Rlys undecided on what to replace plastic with

Deccan Chronicle.  | Peter Anil Mathew

Nation, Current Affairs

Centre ban kicks in next week.

Plastic waste in the drain at Thiruvananthapuram Central railway station.

Thiruvananthapuram: With a week left for implementing the Centre’s guidelines on banning single use plastic, the railway authorities and vendors at the central railway station here are keeping their fingers crossed.

The railway authorities are exploring the materials that would replace plastic in the post ban period. At the meeting and exhibition held here the other day on the sustainable replacement of plastic, a private firm Yash Papers exhibited fully compostable tableware. The company has invited more discussions on the material with the IRCTC.

With the cost factor yet to be sorted out, sources said IRCTC has not yet reached any decision on what material would replace single use plastic in trains and railway stations. Therefore the transition is going to be difficult.

“Any product with lesser price will be considered” said S. Sunil Kumar, the station manager of the Thiruvananthapuram Central railway station. There is still confusion as to who will bear the additional cost involved in material that will replace plastic; the railways, vendors or the public.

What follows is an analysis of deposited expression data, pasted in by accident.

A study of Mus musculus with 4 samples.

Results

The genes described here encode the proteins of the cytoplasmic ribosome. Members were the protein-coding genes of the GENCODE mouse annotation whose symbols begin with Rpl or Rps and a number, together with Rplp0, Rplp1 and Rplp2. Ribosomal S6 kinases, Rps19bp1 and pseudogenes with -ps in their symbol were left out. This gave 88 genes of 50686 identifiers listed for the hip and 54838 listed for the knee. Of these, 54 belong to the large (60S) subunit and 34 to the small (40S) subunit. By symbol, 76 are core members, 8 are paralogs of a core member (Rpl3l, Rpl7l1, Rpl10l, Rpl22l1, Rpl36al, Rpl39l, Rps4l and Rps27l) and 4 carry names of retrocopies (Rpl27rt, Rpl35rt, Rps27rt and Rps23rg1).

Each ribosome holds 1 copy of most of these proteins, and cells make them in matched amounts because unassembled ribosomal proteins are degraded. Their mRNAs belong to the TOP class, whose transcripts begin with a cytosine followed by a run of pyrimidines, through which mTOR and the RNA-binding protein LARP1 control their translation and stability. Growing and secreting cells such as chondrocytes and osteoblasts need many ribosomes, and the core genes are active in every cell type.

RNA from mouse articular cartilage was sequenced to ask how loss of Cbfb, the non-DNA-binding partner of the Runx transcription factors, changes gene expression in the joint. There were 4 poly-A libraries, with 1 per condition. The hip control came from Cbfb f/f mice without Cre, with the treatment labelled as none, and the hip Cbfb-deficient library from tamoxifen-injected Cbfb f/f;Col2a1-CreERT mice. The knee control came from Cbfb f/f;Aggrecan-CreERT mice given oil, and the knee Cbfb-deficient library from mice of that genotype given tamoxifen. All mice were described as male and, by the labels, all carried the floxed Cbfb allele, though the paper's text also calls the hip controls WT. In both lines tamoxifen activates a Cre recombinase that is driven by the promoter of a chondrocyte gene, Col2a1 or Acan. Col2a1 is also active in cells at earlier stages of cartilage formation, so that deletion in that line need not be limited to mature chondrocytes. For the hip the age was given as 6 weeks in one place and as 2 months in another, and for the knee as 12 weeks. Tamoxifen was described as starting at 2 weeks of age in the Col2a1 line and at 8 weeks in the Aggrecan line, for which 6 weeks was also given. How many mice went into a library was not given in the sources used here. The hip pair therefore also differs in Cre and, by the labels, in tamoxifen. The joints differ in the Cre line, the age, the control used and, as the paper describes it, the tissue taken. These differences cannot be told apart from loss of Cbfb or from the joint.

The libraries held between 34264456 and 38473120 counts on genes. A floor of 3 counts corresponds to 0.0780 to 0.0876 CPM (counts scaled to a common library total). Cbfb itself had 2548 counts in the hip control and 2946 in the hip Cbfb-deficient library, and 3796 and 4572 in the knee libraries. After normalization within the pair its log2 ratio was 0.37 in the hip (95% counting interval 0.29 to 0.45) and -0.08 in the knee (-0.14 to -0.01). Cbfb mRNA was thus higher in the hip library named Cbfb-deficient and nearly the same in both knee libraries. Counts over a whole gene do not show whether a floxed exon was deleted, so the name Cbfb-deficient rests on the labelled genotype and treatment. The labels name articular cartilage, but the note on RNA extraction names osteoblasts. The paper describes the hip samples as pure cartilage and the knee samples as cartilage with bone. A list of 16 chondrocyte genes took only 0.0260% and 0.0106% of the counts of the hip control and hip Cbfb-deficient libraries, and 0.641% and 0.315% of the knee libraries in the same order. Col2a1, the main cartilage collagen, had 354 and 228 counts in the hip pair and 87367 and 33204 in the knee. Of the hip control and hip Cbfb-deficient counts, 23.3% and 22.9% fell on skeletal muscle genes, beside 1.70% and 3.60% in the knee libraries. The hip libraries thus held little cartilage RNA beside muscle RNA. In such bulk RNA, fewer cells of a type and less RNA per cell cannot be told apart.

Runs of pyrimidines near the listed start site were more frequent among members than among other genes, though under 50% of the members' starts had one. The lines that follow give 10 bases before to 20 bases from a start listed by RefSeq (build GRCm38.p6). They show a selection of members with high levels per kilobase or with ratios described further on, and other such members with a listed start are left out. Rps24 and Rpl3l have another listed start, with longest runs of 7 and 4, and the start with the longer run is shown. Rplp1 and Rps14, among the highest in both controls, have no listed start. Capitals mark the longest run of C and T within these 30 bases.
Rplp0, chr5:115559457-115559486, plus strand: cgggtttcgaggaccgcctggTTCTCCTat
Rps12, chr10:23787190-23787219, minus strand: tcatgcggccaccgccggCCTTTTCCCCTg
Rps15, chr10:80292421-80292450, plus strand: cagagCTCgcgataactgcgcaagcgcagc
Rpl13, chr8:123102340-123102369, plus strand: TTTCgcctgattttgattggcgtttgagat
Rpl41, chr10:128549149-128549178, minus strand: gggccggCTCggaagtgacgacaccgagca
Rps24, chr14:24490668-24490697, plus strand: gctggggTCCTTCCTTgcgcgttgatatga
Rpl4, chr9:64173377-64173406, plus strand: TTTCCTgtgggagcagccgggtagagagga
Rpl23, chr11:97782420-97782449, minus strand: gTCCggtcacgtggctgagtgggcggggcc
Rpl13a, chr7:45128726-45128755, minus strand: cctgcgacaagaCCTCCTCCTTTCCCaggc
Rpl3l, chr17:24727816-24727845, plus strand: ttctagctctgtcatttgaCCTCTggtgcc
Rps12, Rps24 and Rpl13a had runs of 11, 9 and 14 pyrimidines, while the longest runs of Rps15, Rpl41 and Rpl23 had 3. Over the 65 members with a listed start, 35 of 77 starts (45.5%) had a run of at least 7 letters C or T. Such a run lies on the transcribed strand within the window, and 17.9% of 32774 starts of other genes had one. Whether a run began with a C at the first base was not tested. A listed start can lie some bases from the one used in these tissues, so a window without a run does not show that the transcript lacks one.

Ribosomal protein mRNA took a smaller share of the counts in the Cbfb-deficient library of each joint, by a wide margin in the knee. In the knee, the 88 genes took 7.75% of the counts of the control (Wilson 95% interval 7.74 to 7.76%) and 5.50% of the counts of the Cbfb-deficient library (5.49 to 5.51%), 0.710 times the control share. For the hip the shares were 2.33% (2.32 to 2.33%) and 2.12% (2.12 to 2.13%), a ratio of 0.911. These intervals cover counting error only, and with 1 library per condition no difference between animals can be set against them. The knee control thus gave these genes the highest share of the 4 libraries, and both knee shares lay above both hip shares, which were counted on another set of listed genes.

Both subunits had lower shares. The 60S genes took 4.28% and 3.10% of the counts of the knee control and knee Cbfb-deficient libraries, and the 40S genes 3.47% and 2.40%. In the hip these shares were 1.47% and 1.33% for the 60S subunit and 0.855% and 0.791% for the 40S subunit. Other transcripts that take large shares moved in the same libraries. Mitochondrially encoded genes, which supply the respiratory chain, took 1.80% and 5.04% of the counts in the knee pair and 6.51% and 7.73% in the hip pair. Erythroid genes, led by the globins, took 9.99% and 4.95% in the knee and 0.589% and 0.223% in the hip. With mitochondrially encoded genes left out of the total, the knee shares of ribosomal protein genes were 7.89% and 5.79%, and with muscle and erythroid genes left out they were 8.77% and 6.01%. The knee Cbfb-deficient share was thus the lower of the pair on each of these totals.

The railway officials express doubts whether the IRCTC will be able to take a decision before the scheduled date of October 2. Besides, there is also uncertainty about the supply of material and the production by private layers.

“Since the material is to be supplied by a private company they can increase or decrease the production price. This is what is preventing the IRCTC from taking a speedy decision as it wants to retain the current price range fixed by railways,” said an official.

The railway is open to considering more options especially the cheaper ones. As of now only one company has come forward and they expect more firms to evince interest in the project.

A cross section of vendors said that they would be able to use whatever the railways permit.  We are responsible to implement their directions,” said Shivaraj, a vendor who doesn’t use plastic bags or cups at the station.

The vendors are bit worried about their business once ban comes into effect from October 2. Majority of the goods that they sell come in plastic packets and they fear it might cause problems.

“We are the only pulp-to-product unit and we look forward to fulfilling the requirements of Indian Railways regarding Bangasse tableware," said Anurag Saroha, a functionary of private firm CHUK. The compostable tableware made out of sugarcane once the juice has been extracted from it.